Here are the chances of a ‘White Christmas' around Michigan


It's not winter yet, but Michigan has already seen some snow and winter-like cold. But will we see snow this Christmas?

Traditionally, a "white Christmas" is defined as at least one inch of snow on the ground on Christmas Day.

Historically speaking, Michigan has a great shot at a snowy Christmas Day every year. The Climate Prediction Center offers a map with white Christmas probability for certain Michigan areas. Most of them are between 40 and 60 percent odds.

Related: How unpredictable is Michigan's weather, really?

There are some obvious trends, for example, the farther north you go, the higher your chances are for snow on Christmas, especially in the Upper Peninsula, which has some of the highest odds in America.

While the map shows the historical probability that a snow depth of at least one inch will be observed on Dec. 25, the actual conditions in any year may vary widely from these because the weather patterns present will determine the snow on the ground or snowfall on Christmas Day.

These probabilities are useful as a guide only to show where snow on the ground is more likely.  

Here are the historical odds of a White Christmas around Michigan:

  • Adrian: 41 percent
  • Albion: 44 percent
  • Alpena: 75 percent
  • Ann Arbor: 49 percent
  • Bad Axe: 62 percent
  • Baldwin: 78 percent
  • Benton Harbor: 41 percent
  • Chelsea: 47 percent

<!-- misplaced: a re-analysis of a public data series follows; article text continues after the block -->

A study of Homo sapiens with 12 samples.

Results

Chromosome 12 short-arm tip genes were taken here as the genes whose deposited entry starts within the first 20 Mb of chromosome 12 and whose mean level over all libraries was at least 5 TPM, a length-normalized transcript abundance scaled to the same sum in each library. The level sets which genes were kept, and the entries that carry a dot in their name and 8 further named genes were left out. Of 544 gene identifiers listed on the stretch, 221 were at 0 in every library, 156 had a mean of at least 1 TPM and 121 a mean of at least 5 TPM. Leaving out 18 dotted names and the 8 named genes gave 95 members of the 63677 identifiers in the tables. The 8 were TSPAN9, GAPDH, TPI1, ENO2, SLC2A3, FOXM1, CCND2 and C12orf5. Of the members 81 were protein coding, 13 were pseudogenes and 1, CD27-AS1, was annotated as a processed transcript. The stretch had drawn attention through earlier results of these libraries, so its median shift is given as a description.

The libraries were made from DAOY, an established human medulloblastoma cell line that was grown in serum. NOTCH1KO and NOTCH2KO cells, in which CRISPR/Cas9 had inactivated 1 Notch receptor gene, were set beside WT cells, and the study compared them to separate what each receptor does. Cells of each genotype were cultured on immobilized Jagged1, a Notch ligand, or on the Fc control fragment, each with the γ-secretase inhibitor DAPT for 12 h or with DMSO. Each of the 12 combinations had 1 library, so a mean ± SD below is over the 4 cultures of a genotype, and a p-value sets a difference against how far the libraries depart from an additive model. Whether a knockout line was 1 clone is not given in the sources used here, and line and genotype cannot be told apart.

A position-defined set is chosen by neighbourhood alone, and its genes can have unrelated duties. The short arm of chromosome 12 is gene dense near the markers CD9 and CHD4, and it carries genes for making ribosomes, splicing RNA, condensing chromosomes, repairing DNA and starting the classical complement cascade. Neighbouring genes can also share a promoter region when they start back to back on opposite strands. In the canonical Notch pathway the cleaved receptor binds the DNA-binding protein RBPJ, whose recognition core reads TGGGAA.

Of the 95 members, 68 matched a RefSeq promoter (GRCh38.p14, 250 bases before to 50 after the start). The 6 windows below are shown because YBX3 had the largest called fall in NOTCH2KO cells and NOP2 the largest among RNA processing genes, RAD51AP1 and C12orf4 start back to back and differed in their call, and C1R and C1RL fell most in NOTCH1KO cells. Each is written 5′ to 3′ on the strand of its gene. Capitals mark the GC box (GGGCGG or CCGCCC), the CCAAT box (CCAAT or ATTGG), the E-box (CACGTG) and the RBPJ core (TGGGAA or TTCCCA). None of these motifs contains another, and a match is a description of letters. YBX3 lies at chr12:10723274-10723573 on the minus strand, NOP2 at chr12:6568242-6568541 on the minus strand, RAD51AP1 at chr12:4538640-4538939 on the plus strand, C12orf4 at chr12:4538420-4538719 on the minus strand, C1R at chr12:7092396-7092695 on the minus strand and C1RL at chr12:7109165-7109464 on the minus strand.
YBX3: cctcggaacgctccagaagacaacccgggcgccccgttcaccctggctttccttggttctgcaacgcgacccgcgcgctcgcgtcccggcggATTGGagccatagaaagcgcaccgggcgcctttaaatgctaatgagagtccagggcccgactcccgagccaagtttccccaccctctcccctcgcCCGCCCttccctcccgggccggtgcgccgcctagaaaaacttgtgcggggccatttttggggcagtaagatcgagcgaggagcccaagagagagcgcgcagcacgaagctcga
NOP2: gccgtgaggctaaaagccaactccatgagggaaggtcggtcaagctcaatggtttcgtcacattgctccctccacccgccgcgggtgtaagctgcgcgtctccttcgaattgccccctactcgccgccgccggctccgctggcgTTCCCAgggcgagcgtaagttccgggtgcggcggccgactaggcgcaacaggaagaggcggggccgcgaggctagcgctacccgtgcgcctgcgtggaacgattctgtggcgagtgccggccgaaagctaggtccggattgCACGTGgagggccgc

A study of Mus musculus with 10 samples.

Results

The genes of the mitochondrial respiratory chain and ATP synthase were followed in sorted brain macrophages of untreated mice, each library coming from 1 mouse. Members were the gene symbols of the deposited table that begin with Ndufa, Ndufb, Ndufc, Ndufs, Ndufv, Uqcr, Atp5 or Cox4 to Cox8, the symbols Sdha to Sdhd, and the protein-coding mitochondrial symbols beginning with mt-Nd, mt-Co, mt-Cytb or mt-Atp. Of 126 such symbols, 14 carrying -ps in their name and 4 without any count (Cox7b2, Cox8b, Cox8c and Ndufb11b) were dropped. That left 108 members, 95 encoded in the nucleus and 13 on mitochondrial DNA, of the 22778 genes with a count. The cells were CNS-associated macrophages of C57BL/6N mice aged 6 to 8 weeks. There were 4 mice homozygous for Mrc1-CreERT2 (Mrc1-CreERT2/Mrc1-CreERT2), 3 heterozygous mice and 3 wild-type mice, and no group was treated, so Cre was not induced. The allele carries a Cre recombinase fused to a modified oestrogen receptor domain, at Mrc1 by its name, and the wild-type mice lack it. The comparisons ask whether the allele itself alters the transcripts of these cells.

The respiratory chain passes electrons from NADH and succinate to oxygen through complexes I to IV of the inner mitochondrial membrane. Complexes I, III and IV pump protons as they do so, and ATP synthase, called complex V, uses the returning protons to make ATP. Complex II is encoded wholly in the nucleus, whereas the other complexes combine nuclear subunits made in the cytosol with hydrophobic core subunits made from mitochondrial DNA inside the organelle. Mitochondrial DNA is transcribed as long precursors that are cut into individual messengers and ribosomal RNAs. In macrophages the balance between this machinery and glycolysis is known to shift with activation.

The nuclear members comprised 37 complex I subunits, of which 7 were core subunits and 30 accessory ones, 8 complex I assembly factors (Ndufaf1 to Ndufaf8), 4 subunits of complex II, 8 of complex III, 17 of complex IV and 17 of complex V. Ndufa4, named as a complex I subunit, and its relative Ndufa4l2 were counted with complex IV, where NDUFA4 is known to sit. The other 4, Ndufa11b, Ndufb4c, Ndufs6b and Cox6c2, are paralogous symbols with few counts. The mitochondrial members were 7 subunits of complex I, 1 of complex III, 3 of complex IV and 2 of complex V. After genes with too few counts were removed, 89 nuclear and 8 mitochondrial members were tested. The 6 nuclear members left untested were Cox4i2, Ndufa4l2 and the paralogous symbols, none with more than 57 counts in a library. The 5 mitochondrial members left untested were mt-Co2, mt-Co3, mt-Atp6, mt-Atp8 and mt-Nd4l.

• Coldwater: 52 percent
  • Charlevoix: 79 percent
  • Detroit Metro Airport: 37 percent
  • Dearborn: 41 percent
  • Gladwin: 67 percent
  • Grand Rapids: 58 percent
  • Grayling: 86 percent
  • Grosse Pointe: 36 percent
  • Howell: 45 percent
  • Jackson: 49 percent
  • Kent County: 59 percent
  • Lansing: 58 percent
  • Marquette: 88 percent
  • Mt. Clemens: 37 percent
  • Morenci: 39 percent
  • Muskegon: 63 percent
  • Pontiac: 49 percent
  • Saginaw: 55 percent
  • Sault Ste Marie: 88 percent
  • Traverse City: 73 percent
  • White Cloud: 76 percent

The 1981–2010 Climate Normals are the latest three-decade averages of several climatological measurements. This collection contains daily and monthly normals of temperature, precipitation, snowfall, heating and cooling degree days, frost/freeze dates, and growing-degree days calculated from observations at approximately 9,800 stations operated by NOAA’s National Weather Service.

You can cruise around the country on the NOAA map here.